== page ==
Should the FDA even regulate 23andMe?
23andMe may not have expected to be a target, as it’s still up for debate whether the company should be regulated — and how. 23andMe is a pioneer in this regard — it’s the last of its kind. Large vendors acquired rivals like Navigenics and deCODEme (and in the deCODEme’s case, shut it down).
This issue is another contested one — academics and policy-makers have not reached an agreement. I recommend this discussion on KQED Forum, where I duked out many of these issues with Greely and Nita Farahany, professor of genome sciences and policy and law professor at Duke University.
It’s worth noting that the FDA has not regulated “laboratory developed tests” (LDTs), performed from scratch by clinical laboratories. 23andMe has a clinical laboratory and works with the National Genetics Institute (NGI), a wholly owned subsidiary of LabCorp. However, 23andMe works a bit differently that most genetic testing providers, as your saliva is not collected by a doctor with their own equipment in an office, but by a tube 23andMe sends out.
This saliva collection tube is the root of the problem, as the FDA claims it should be regulated as a class III medical device. 23andMe stresses that all the equipment it uses, and its various partners, are all approved.
Greely hopes that the FDA will finally release a final guidance, which should provide some much-needed clarity on how it plans to regulate 23andMe and other genetic testing companies. In the future, companies will begin to offer whole exome and whole genome sequencing — 23andMe’s genotyping method is just the beginning.
“Genetics is such a new field, but we stayed committed, knowing that it would be a bumpy ride,” said Afarian. “We’re setting precedents, and terms that will have ramifications for the entire industry.”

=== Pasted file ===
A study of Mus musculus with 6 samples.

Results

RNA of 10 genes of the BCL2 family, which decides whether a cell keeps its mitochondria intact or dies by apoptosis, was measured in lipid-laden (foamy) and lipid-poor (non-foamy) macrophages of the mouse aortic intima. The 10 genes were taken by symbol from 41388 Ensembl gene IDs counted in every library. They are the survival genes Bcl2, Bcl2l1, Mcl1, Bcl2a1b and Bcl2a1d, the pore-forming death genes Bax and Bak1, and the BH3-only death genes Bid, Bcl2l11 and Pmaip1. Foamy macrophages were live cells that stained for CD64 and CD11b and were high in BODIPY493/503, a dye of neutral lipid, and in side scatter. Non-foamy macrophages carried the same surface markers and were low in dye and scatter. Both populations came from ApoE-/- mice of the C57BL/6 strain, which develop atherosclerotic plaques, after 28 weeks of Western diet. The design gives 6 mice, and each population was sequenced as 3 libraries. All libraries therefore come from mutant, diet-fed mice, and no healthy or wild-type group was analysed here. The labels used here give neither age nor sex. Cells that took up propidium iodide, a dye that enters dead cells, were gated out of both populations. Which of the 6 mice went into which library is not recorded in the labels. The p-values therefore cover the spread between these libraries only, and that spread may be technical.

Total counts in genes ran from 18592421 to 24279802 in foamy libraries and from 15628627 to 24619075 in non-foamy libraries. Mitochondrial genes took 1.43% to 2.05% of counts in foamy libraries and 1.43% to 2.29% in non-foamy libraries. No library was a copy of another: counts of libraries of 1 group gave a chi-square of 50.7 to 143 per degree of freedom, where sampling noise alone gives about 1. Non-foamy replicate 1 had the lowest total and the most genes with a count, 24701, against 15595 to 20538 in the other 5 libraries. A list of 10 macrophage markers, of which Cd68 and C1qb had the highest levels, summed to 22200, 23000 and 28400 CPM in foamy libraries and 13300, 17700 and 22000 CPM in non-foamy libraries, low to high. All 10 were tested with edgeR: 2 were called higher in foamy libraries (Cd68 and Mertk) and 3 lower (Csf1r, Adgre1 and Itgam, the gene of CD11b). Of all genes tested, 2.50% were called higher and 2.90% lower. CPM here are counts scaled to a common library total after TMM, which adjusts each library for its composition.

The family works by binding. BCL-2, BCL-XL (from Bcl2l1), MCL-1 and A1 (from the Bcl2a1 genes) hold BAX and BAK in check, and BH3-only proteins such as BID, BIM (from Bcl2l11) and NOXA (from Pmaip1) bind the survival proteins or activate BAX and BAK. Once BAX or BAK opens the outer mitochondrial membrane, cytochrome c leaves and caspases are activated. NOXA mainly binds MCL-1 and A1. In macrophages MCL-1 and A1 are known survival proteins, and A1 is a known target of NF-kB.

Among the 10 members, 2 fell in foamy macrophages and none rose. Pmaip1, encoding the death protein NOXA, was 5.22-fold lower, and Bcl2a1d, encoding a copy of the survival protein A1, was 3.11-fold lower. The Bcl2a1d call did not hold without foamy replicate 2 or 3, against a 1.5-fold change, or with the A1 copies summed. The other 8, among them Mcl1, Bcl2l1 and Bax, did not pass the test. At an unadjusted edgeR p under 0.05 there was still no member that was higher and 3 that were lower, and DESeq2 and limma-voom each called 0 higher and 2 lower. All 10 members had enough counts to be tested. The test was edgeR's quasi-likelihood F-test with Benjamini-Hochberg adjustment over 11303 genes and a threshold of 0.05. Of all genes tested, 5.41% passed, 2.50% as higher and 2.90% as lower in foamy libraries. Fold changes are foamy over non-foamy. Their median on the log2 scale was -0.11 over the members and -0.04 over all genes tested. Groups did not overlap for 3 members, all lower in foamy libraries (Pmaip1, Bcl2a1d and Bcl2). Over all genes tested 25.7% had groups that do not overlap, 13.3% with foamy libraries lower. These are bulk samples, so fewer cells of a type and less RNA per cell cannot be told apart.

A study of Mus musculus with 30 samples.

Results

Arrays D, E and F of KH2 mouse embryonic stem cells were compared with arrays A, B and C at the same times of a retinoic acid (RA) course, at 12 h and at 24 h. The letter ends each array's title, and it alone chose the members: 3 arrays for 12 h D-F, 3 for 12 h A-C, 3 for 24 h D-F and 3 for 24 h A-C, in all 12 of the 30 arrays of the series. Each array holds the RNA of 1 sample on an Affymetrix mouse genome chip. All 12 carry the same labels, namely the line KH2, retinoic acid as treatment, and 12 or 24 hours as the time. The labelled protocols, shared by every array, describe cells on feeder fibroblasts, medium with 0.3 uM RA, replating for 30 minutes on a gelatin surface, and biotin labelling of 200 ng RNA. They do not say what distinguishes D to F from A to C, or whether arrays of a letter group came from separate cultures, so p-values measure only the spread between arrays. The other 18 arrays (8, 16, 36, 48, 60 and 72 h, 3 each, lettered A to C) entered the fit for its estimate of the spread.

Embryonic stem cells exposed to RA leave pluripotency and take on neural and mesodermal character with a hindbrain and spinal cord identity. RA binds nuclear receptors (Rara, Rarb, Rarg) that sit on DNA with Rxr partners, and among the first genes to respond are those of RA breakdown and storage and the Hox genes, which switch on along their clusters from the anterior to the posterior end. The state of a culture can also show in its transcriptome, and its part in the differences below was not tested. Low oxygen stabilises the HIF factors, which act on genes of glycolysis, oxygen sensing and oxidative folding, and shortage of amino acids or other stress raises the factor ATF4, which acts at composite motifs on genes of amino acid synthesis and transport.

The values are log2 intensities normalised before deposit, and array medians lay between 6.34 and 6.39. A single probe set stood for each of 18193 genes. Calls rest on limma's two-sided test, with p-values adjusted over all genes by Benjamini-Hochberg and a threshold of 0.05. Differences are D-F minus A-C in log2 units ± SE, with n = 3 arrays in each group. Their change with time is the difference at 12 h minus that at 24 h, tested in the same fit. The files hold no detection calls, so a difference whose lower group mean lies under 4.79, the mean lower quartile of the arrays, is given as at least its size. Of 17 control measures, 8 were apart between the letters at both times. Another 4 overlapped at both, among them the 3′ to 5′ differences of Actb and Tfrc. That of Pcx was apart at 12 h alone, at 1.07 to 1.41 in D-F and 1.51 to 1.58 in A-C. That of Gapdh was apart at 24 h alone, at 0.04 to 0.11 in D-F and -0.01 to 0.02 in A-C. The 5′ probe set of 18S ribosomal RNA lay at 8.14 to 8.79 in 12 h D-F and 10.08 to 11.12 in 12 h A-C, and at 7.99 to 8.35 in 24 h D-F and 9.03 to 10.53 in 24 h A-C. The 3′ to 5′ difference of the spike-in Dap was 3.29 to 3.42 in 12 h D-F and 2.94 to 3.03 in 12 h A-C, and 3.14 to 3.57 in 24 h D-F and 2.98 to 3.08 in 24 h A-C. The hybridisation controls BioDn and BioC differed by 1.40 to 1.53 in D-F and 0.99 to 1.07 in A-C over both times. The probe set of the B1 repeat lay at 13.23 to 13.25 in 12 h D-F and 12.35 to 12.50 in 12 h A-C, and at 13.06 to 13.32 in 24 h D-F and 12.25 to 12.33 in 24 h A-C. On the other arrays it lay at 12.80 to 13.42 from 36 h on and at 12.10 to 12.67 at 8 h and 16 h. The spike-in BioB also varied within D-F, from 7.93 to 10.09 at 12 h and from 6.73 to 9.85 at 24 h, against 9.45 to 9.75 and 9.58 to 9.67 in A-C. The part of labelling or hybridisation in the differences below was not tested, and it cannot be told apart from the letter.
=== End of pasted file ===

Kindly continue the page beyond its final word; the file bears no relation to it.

‘I am unaware of a single adverse event’
Afarian realizes that 23andMe is controversial, but she stresses that consumers have not been harmed over the years. The company declined to comment on the class action it is facing, which was filed in the U.S. district court of California last week. The lawsuit, filed by San Diego resident Lisa Casey, alleges that the test results are “meaningless,” and that the company uses misleading advertising to promote its services to consumers.
Afarian seemed surprised by lawsuits like these. She claims that in the company’s history, she hasn’t seen any evidence of patients receiving 23andMe results and taking extreme measures, like a double mastectomy. However, some doctors disagree (read our report here) and 23andMe cites an anonymous customer in its own blog who opted for a double mastectomy, after receiving the results of the test (although this particular patient *Jill appears to have also consulted a genetic counselor, and opted for another test from a genetic testing company).
23andMe is on a crusade to bring health information to consumers, which can be used to make more informed decisions. Wojcicki is particularly passionate about this mission, and sources familiar with the matter tell me that she considered taking on the FDA.
The most repeated point in our hour-long conversation: 23andMe is not going to simply crawl into a hole. The company remains fiercely committed, and between its funding and genealogy business, it can keep operating for some years. “We have a strong leadership team, we have amazing investors, and we’re more dedicated than ever,” Afarian said.